The ability to stand from a seated position, unassisted, is considered to be one of the most important measures of physical function and independence among older adults. The inability for older adults to stand unassisted has increased dramatically over the years due to lack of physical activity and muscular strength.
As we age, specifically when we hit around 55 years, there is a measurable decline in muscle mass and muscle strength. There are changes in muscle composition, muscle quality and neuromuscular function – our ability to control and coordinate movements. These changes affect performance of functional capacities and/or activities of daily living, which may lead to frailty. Inactive adults lose around one percent of muscle mass and three percent of muscle strength each year. This loss is called sarcopenia and it is now associated with an increased risk of all-cause mortality.
Although aging is a common cause of sarcopenia, there are other factors you can control so the age at which it becomes defining can be elongated. Those who are living a sedentary life, getting little to no physical activity and who have poor dietary habits are at a higher risk of developing sarcopenia. Symptoms of sarcopenia include decrease in muscle size, weakness, loss of endurance and stamina which interferes with daily activities, poor balance, trouble climbing stairs and standing from a seated position. Though, sarcopenia is associated with loss of mass, those who are obese are also at high risk of this. Sarcopenic-obesity refers to low muscle mass and high body-fat percentage. It characterized as having small arms and legs with a high waist circumference.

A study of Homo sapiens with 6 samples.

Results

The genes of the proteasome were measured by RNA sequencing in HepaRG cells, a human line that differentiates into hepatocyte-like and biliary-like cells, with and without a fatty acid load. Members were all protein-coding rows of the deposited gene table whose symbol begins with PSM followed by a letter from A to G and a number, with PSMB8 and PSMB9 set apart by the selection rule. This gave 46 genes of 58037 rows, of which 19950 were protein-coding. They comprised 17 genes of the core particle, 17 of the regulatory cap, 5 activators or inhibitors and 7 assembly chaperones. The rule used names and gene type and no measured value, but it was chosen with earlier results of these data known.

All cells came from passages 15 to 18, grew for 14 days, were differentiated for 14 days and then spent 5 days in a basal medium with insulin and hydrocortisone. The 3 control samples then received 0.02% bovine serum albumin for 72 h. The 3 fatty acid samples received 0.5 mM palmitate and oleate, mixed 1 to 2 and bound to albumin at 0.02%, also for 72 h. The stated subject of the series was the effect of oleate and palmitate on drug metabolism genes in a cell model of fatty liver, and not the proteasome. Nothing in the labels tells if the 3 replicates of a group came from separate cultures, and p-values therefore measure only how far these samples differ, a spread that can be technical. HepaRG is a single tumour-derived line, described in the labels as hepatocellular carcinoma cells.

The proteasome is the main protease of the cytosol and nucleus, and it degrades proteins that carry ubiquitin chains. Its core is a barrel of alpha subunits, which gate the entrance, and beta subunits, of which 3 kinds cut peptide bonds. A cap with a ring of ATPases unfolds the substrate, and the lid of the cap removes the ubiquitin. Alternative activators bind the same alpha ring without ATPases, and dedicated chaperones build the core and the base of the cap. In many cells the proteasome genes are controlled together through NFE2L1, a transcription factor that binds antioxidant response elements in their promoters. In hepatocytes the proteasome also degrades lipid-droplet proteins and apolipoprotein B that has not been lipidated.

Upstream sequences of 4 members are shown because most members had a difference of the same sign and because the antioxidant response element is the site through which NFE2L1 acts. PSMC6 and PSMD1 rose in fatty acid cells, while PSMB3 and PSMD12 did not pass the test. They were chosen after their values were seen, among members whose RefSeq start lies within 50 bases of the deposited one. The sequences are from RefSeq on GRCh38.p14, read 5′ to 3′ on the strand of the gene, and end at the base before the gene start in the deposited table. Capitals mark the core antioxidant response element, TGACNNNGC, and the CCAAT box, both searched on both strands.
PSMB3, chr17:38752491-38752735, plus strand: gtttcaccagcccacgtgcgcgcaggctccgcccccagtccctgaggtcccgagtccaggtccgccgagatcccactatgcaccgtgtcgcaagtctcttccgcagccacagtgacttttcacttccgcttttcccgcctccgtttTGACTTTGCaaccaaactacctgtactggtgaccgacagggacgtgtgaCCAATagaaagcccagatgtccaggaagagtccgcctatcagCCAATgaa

‘Use it or lose it’ is the best way to off-set any problems or complications down the road when it comes to using your body physically. The Canadian Society of Exercise Physiology (CSEP), recommends participating in muscle and bone strengthening activities using major muscle groups, at least 2 days per week. These activities may involve using weights, resistance bands, exercise machines and even your own body weight! Resistance training can improve muscle strength, size and tone as well as it helps strengthen bones, ligaments and tendons, essential for a person’s overall health.
In a study done by Hruda et al., (2003), frail participants aged 75-94 partook in a 10-week resistance training study. Over the 10 weeks, not only did they improve their muscle size and strength but their ability to perform activities of daily living as well. They gained independence by being able to stand longer, some climbed stairs for the first time in a while and others did not need assistance to get up from a seated position.
Beginning a resistance training routine can benefit everybody, men and women, no matter what stage you are starting from. It doesn’t have to be scary or complicated. Building muscle and gaining strength can be as easy as lifting soup cans, doing chair yoga, or practicing standing up from a chair repeatedly. Remember, older adults should always consult an Exercise Physiologist or their doctor before starting a new exercise program.